Zachary Vex Effects
PO Box 16078
Minneapolis, MN 55416




4301 HW7 Dock 3
St. Louis Park
United States


ZVEX makes effects pedals and amps for guitar and bass and we've been at it since 1995. Our line is a unique blend of no-rules engineering and artistic whim, from our affordable Vexter series to our hand painted and custom designed items.

Reverse Fuzz Factory 111


Reverse Fuzz Factory 111

sold out

Reverse Fuzz Factory 111


This variation of the Fuzz Factory will be available to order from February 9th until February 16th. As these are hand-painted pedals they will ship in 4-6 weeks after orders are closed.

Hand painted pedals feature a lifetime warranty. Colors and details may vary.


In 1995 ZVEX Effects produced its first pedals, the Octane and the Fuzz Factory. The story is much more humorous than you might imagine. I made and sold 16 Octanes through Willie's American Guitars and the owner told me in November that he wanted me to design him something new. So I went to Ax-Man Surplus, a Saint Paul store that was a popular hangout for artists and creatives looking for cheap unique things to fuel their need for stuff and in a back corner, I found a military green metal bin with a pile of old transistors buried in dust and junk, forgotten. It basically looked empty, but I could tell there were transistors in there, and I sorted through the crap and found about 150 of them.  I'd never seen anything like them. They were what I called at that time, spam can transistors. Flat on two sides, slightly in the shape of the cans of meat produced in my home state that my dad really loved fried up for sandwiches when I was a kid. I loved how they looked and, with no price on the bin, the salesperson sold all of them to me for a few bucks. 

I went home to check them out and quickly discovered that inside a typical fuzz circuit, they barely got going in a fuzzy direction. They sounded literally anemic. I fixed that quickly with another transistor as a booster, and then they went crazy. Over the course of the evening and late into the night I tried everything I could think of to get them under control, connecting every spare potentiometer in my parts kit (rather limited at the time) to adjust different values to find the perfect combination, but something weird happened. I discovered that there were a lot of different settings that sounded good, and I really didn't want to have to choose one particular resistance value for any of the pots, so I just left them in the circuit and went to bed. I woke up the next day to test the thing again, which at the time I'd decided to call the "flat foot fuzz" because it had five controls and I thought I'd put it into a foot-shaped enclosure with the five knobs as toes (patent design pending, sorry kids), and I was kinda blown away that it still sounded really crazy and interesting.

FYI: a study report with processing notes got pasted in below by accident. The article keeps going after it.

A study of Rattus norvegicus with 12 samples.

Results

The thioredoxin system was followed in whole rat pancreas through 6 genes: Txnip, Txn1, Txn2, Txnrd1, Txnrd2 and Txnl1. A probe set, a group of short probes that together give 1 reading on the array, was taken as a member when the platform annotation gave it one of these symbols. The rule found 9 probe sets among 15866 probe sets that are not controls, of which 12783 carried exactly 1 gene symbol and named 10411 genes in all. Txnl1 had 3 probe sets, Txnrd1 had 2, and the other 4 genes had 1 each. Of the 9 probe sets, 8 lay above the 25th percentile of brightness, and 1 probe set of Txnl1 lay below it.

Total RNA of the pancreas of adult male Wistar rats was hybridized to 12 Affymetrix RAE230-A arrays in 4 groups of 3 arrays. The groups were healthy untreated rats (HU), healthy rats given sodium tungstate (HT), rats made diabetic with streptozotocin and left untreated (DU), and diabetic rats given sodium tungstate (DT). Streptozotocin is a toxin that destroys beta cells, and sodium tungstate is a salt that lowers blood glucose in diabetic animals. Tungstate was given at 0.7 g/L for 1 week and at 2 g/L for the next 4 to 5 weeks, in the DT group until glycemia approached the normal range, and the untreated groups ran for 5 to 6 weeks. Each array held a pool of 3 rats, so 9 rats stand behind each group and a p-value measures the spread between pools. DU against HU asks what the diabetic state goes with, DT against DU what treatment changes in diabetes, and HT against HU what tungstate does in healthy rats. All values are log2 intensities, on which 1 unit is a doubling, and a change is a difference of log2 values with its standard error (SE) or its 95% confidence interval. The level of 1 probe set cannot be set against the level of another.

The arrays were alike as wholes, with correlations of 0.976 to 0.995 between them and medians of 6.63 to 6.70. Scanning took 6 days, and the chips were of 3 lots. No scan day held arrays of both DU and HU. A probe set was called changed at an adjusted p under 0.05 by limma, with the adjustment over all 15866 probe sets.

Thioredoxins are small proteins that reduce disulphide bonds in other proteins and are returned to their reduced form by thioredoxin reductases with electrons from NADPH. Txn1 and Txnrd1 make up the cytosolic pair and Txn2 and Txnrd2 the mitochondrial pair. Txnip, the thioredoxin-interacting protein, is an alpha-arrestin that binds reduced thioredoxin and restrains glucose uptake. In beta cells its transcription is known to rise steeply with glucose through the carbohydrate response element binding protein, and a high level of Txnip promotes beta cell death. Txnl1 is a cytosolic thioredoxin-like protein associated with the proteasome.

I brought the final device to Willie's and started selling them there, and they're still our best selling pedal 22 years later. The thing of it is, between then (1995) and now, I couldn't find any more of the spam can transistors anywhere, until recently. They're back! I found several types, and this is the first one. I call it the "111". It's not exactly the same model of transistor as the original, but it's got a velvety texture with lots of character and I'm extremely pleased to be using spam can transistors from the 50s again. They're older than I am, and I'm older than dirt. Most pedal makers can't use these transistors because the hfe is too low. The Fuzz Factory LOVES low hfe. So we all got lucky. 

The story is slightly more intriguing. When I ran out of the original spam can transistors back in 1996, my dear friend John Kuker (RIP) offered to give me a red box full of beautiful RCA transistors in exchange for me making him a pedal with them. I tested them in a Fuzz Factory circuit and was blown away at how great they sounded, but because they were the wrong polarity (NPN), I had to wire the entire circuit "upside down" with the plus and minus reversed on the battery, capacitors and polarity protection diode. Interestingly enough, these "111" spam cans that I'm using for this new version of the FF are also NPN devices, which were incredibly expensive and rare back in the 50s, so expensive that designers simply didn't use them. That's why they're still available. They didn't get used up because they cost too much to make way back then, so you can enjoy them now. So what we're offering you is a mash-up combination of the first two versions of the Fuzz Factory from 1995 and 1996, with spam can transistors AND reverse polarity. The reason the artwork appears in reverse is because of the reverse polarity of the transistors and the power requirement. Please remember to use a reverse polarity power supply or connector cable (they often have red cables). Enjoy!